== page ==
A Dutch politician is advocating for penalizing women who choose to stay home with children after going to college (which is paid for by the government). “You enjoy an expensive education, paid for by society, and you cannot throw away this knowledge without a penalty.” I know that KathyJo is right there with her on this — why learn anything at all if you’re not going to use it in the workforce? (I just had to throw that in after reading some of her recent posts). 🙂
What worries me is that I see this crazy mentality slipping into our own culture, slowly but surely. A friend of mine who received an expensive education at a top private university got married and became a housewife the year after she graduated. Evidently it did not go over well at all with her friends, their reactions ranging from confusion to open hostility that she would “throw away” her expensive education.
It reminds me of back when I worked at a high tech company right after college. I had a cool title and made good money for my age so I seemed to have society’s approval that I was putting my education to use. Everyone applauded the track that my life was on. But really, I did absolutely nothing to contribute to society. I worked all the time so I didn’t have much of a life outside of work, unless you count Friday happy hours with coworkers. I sat in a cubicle all day. When I wasn’t on conference calls or writing reports that nobody read or surfing the web I would occasionally write some code that would help the marketing department pull information about our company’s clients from a database. But I was putting my education to use because I had my very own cubicle…and a paycheck!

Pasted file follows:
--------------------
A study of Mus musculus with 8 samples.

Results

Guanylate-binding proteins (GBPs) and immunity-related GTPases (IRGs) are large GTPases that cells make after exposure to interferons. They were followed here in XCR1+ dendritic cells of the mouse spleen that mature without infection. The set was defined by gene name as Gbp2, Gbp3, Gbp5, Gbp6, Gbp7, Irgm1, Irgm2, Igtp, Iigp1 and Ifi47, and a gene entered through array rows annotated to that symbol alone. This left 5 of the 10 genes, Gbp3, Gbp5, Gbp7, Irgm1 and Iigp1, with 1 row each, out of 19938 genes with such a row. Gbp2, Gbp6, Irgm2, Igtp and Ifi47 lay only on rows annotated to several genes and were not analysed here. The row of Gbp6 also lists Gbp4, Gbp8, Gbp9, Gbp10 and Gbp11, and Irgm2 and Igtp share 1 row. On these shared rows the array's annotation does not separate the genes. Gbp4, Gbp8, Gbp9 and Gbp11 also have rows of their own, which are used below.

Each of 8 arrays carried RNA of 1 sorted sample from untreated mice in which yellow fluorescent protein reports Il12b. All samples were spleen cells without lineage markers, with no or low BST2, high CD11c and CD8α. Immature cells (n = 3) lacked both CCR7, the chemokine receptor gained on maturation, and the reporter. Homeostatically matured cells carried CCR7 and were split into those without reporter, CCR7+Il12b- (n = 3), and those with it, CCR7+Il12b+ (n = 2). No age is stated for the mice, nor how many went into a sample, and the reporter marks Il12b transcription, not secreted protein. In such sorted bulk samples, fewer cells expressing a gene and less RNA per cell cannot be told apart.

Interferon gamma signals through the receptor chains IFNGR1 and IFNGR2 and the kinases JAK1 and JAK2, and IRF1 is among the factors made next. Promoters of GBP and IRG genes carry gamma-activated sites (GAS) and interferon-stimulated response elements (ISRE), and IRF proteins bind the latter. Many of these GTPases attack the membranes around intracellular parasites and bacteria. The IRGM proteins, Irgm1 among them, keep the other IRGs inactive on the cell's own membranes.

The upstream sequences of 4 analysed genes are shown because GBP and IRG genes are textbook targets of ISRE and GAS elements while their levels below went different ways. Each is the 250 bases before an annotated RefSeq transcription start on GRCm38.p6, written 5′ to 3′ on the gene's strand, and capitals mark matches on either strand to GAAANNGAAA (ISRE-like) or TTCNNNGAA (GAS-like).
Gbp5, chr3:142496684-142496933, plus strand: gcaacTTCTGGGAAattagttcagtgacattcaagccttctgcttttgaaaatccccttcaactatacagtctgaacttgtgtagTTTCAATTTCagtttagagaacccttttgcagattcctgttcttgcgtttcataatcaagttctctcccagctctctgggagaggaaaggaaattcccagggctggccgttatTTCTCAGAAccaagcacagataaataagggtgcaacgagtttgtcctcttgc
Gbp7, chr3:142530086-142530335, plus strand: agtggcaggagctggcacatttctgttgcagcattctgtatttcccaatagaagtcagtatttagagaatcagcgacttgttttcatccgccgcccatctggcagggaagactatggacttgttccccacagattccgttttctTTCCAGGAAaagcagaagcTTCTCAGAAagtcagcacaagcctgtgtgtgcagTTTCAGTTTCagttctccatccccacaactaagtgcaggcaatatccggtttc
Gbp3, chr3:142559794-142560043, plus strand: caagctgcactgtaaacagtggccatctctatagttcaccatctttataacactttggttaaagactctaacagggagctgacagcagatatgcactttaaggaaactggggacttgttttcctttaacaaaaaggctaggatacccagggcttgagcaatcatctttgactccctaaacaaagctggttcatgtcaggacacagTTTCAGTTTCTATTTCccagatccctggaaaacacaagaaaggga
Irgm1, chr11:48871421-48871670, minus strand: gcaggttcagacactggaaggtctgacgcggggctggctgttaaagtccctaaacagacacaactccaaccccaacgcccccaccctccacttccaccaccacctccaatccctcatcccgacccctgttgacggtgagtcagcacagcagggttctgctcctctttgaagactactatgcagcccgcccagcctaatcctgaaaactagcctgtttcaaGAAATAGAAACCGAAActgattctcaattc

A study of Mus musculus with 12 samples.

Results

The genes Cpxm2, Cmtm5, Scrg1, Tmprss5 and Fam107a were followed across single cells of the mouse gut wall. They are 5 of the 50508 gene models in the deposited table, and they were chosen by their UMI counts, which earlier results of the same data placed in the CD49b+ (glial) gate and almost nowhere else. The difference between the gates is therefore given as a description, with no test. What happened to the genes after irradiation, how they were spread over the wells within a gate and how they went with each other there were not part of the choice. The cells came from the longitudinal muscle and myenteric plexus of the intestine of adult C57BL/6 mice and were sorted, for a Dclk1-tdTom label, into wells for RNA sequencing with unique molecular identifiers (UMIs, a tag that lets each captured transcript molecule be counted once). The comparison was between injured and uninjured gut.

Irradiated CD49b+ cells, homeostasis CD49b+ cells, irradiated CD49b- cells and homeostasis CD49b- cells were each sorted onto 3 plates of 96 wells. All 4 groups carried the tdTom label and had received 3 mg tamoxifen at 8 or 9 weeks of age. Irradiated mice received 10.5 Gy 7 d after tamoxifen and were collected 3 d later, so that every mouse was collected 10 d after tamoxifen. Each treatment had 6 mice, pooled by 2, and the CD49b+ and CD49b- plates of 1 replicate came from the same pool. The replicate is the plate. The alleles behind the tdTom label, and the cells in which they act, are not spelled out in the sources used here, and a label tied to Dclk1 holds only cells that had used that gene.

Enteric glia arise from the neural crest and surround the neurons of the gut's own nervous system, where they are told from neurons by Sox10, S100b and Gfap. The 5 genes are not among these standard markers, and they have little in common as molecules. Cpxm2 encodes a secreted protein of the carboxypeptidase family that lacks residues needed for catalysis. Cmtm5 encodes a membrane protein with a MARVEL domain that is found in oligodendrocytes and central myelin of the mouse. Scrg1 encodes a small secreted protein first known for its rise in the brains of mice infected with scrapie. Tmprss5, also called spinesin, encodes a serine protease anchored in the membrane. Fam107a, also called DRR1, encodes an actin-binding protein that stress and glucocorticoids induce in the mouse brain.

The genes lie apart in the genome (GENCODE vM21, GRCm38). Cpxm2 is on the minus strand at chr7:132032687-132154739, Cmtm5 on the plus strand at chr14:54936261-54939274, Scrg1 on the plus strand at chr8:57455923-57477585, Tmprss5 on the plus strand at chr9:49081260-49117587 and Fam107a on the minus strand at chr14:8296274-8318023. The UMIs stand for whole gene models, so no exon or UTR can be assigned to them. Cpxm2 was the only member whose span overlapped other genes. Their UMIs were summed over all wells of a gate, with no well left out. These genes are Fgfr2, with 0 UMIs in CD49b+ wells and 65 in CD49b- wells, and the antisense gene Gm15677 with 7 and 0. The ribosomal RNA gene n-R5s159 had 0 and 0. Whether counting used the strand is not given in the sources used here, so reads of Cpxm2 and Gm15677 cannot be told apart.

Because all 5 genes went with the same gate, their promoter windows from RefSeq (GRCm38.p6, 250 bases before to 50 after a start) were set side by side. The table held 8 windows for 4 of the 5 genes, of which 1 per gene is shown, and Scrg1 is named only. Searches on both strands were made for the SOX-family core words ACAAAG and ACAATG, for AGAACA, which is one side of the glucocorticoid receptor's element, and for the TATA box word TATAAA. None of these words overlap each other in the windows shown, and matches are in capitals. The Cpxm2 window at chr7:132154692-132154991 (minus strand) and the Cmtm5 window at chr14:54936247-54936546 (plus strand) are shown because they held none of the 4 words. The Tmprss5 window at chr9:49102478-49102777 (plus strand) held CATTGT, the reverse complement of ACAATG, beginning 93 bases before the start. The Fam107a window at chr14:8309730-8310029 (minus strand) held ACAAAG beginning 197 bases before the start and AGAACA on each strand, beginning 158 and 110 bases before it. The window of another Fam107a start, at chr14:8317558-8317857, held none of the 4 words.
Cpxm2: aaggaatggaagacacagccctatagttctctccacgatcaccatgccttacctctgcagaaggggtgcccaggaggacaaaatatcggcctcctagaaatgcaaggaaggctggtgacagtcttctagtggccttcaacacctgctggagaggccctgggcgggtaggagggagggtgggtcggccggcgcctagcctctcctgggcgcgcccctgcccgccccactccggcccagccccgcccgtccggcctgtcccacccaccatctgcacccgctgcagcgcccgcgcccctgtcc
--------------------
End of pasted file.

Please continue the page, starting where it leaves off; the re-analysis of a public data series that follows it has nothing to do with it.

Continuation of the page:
Now that I’m a housewife and mom I spend every bit of free time I can squeeze out of my day reading about Catholic theology, history, world religions and politics. I’m often called upon by my working friends to share what I’ve learned over lunch or coffee since they don’t have the time or the mental bandwidth to read those sorts of subjects themselves. If I don’t homeschool my children I will at least be very involved in their education, taking them to museums, putting together fun physics experiments and reading classic literature together. I am working on getting involved in my parish, perhaps using the writing experience I gained in college to put together some literature for them. I also run the family finances, including printing monthly budget and investment reports from Quicken to go over with my husband.
But according to a lot of people in the world, I am “throwing away” my education, unlike back in the day when I had that glamorous (*cough* *snort*) high tech job. (I ran into an old acquaintance from my working days at a wedding last year and he half-jokingly asked what it was like not to ever have to use my brain now that I’m not working.)
I hope that one of these days the people in our society will wake up and remember that the original purpose of a university education was not to get a better job. I hope that the concept of higher learning for the sake of itself, learning about the world and its people and its history just because, has not been totally lost.